Some of the more startling revelations were:
- A program to systematically penetrate and map air-gapped systems;
- Malware operating at the firmware level that enabled discovery of encryption keys, cracking encryption algorithms and that could remain in place through an operating system reinstall;
- Malware that replaced hard-drive firmware to create a secret storage area on a hard disk that would survive drive reformatting;
- Some of this malware has existed since around 2001 and has gone undetected until now.
What is new in this report is the extent to which these tools were aimed at non-IT assets. Much of the report details efforts to penetrate air-gapped systems and other industrial control and critical infrastructure systems.
These findings raise some interesting, and troubling questions for the CyberSecurity industry, and specifically for those of us developing the systems used in industrial automation, factory control and other critical operations. Chief among them is; what are we doing to protect our systems?
Cyber warfare: a harsh reality
Even if we accept the implication that the malware discovered by Kaspersky Labs was created by the NSA that does not imply that the critical infrastructure systems within the US and our ally nations are safe from attack. There is little doubt that China, Russia, and Iran have large, dedicated and active cyberwarfare groups. If the US has developed sophisticated cyberware technology there is little doubt that other countries either already have or soon will develop comparable technology.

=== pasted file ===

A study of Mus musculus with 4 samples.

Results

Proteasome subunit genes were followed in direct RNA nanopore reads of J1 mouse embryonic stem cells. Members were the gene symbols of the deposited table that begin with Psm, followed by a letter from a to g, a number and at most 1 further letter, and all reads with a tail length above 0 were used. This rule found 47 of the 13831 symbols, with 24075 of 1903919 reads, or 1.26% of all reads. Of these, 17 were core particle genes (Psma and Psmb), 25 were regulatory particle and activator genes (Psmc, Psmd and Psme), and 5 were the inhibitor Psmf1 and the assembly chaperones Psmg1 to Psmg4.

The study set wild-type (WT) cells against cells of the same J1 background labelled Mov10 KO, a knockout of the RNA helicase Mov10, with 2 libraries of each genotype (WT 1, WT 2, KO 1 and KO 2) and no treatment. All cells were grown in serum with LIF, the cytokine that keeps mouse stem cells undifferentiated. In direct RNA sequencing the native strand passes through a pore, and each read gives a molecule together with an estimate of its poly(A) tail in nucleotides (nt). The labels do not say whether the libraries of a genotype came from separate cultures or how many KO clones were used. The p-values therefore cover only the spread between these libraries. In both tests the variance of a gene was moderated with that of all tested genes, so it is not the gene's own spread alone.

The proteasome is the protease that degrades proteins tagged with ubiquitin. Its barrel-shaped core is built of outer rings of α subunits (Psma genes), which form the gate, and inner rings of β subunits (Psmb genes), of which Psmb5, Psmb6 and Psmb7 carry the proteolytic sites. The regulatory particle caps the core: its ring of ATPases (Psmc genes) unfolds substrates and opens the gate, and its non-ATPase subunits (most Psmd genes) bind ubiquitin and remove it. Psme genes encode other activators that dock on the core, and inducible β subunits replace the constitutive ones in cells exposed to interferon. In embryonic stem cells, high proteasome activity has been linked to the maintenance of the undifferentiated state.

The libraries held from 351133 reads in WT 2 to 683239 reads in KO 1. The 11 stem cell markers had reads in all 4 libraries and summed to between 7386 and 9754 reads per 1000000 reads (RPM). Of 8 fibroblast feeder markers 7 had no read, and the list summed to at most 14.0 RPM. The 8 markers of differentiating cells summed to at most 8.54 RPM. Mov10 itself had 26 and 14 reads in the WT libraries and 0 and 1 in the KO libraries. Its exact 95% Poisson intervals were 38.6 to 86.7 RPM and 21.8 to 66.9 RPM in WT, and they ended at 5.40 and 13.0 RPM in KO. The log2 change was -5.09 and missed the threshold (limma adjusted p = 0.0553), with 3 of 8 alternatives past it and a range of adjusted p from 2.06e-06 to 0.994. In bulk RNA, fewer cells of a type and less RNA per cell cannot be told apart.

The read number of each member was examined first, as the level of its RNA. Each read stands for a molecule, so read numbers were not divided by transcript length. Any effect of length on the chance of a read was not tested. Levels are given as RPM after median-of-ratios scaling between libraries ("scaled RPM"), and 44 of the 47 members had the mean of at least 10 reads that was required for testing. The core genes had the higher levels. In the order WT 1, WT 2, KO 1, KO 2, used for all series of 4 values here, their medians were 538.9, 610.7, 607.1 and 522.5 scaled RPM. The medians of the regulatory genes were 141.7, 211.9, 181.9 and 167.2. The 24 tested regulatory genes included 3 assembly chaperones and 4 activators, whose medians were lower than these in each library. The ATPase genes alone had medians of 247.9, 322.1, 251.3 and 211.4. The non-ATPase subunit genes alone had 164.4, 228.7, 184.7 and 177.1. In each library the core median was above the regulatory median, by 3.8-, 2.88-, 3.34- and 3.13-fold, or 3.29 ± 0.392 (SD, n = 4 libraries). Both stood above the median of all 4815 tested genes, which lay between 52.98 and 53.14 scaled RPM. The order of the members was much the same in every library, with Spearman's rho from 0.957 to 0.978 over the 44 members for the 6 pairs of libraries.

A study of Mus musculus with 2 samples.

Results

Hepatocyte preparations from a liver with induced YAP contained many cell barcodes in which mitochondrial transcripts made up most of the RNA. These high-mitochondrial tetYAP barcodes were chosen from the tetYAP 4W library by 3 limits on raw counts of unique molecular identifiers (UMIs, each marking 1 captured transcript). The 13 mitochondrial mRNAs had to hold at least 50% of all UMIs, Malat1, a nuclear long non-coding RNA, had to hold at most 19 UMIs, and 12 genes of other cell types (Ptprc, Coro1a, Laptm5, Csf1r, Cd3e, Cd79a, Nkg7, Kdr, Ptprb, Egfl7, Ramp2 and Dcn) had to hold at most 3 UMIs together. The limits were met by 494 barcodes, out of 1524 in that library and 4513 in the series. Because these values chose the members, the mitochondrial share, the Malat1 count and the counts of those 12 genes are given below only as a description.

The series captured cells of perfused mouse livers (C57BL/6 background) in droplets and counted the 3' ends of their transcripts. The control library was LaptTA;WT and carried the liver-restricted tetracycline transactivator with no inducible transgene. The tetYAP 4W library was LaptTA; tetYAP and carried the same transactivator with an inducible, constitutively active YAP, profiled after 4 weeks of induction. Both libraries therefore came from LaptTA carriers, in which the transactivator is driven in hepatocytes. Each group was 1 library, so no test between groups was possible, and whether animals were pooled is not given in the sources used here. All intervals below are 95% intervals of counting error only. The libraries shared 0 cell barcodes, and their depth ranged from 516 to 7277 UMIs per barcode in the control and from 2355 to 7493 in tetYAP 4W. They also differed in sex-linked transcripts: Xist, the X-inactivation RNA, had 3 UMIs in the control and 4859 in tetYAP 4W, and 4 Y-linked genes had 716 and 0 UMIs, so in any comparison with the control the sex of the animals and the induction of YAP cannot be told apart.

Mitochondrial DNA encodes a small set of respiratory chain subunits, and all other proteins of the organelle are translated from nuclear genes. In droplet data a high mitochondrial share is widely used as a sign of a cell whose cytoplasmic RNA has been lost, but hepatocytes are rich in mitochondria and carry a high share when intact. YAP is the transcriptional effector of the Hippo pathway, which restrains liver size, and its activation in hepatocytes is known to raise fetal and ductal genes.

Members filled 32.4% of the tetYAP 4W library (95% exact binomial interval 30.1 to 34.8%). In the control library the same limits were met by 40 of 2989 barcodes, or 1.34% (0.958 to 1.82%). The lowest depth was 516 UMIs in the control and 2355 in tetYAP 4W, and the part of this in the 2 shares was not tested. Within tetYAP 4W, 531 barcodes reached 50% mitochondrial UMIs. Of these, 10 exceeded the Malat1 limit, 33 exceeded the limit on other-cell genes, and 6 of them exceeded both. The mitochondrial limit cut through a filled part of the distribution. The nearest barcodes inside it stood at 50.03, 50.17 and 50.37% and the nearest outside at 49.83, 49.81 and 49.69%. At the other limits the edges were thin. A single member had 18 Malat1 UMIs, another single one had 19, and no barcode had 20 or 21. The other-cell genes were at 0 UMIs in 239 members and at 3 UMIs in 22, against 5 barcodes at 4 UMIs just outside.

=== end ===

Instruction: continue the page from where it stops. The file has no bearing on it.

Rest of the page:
Much of the technology described in the report from Kaspersky Labs is more than a decade old. Even if other countries are a decade behind the US, which is unlikely, then they would now have equivalent technology to infiltrate air-gapped systems, discover encryption keys, and remain undetected by standard security technologies.
Anyone building industrial control systems, or critical infrastructure devices must take a new look at security.
Air-gaps are a myth. Not only did the Kaspersky report detailed methods to compromise them, many customers fail to maintain a strict air-gap. Additionally, insider threats must be considered. Hardware enabled secure boot is a requirement. Security by obscurity must be abandoned as the relic that it is. The investment must be made to build security into the foundations of every device being utilized within critical infrastructure.